Standing outside Seattle police headquarters on a bright, brisk morning last year, city council member Kshama Sawant clutched a megaphone and condemned the cops for killing a 46-year-old black man.
“The brutal murder of Che Taylor—the blatant murder at the hands of the police—shows how urgently we need to keep building our movement for basic human rights for black people and brown people!” she shouted to the gathered protesters. Like Sawant, they believed officers Scott Miller and Michael Spaulding racially profiled Taylor before shooting him in North Seattle on February 21, 2016.
The officers countered that they recognized Taylor as a felon and suspected him of illegally carrying a handgun; they said they fired after he reached for the weapon. A year later, a jury cleared them of wrongdoing. In August, the men sued Sawant, alleging defamation. They didn’t, however, name the city as a defendant, leaving council president Bruce Harrell with an unusual choice—whether to defend her.
A city’s responsibility to represent council members in court hinges on whether or not they were conducting city business during the contested incident. The officers argue Sawant wasn’t on city time when she appeared at the protest, and they said they don’t want “one red cent of public money” used on the case—though their lawyer has threatened to add the city to the lawsuit if it chose to defend her.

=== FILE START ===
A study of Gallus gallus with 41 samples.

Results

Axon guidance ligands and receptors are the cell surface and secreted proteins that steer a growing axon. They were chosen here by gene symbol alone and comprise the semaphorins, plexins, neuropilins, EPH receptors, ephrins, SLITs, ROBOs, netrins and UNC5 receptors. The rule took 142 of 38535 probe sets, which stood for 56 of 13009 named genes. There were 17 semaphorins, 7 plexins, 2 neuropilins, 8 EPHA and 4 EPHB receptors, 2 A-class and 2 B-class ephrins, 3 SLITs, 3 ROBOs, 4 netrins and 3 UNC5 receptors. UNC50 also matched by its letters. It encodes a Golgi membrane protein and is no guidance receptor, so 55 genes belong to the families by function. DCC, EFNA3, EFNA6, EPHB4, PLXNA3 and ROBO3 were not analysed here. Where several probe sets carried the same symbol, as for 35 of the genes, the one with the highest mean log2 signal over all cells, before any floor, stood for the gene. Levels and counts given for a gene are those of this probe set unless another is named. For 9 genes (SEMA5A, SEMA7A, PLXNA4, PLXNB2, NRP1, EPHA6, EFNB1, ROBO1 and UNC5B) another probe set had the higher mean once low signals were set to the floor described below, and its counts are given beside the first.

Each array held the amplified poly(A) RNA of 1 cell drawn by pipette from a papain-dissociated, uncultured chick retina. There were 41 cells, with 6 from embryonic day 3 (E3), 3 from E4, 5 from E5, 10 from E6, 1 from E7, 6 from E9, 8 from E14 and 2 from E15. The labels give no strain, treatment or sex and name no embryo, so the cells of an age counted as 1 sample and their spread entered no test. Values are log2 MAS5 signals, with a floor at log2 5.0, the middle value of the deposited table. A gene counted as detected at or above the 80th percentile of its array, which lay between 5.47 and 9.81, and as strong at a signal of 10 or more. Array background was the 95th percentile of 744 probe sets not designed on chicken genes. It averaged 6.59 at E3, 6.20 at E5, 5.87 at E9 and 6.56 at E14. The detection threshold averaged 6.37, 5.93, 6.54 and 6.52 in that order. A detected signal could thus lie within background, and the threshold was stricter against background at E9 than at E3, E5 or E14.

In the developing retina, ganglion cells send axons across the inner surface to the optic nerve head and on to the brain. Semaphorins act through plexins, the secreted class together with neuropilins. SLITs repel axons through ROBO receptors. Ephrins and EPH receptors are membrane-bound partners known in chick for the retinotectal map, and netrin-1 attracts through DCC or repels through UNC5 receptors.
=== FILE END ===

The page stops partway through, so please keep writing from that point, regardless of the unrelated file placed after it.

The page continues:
Harrell wasn’t cowed. “That is the cost of free speech,” he wrote in an op-ed explaining his decision. Pete Holmes, city attorney of Seattle, fears failing to support Sawant could inhibit how elected officials publicly discuss controversies. It might also discourage candidates from running for office if they think it exposes them to liability or steep litigation costs, First Amendment lawyer Michele Earl-Hubbard says.
A second defamation case against Sawant is estimated to run taxpayers $185,000. In September, landlord Carl Haglund sued after she called him a “slumlord.” Like the officers, Haglund claims Sawant slandered him.
But such cases are notoriously difficult for plaintiffs to win, Earl-Hubbard says. Haglund must prove Sawant’s words were more harmful to his reputation than the truth. (To wit: He’s been cited by the city for more than 200 housing code violations.) What’s more, Earl-Hubbard trusts the public understands Sawant was expressing an opinion when she called Taylor’s death a murder, and an opinion can’t be “provable as false”—the ultimate defense against defamation.
Sawant can be divisive. Even some colleagues call her rhetoric inflammatory (interim mayor Tim Burgess has described her language as “attacking”). But others—like police reform activist and Che Taylor’s brother, Andrè —consider her a fierce advocate for people of color. Holmes, who is representing Sawant in the defamation cases, doesn’t have to take a side in this one.
“What I feel about council member Sawant’s political views or how she engages in political activity is frankly irrelevant. Elected officials have pretty broad First Amendment rights.”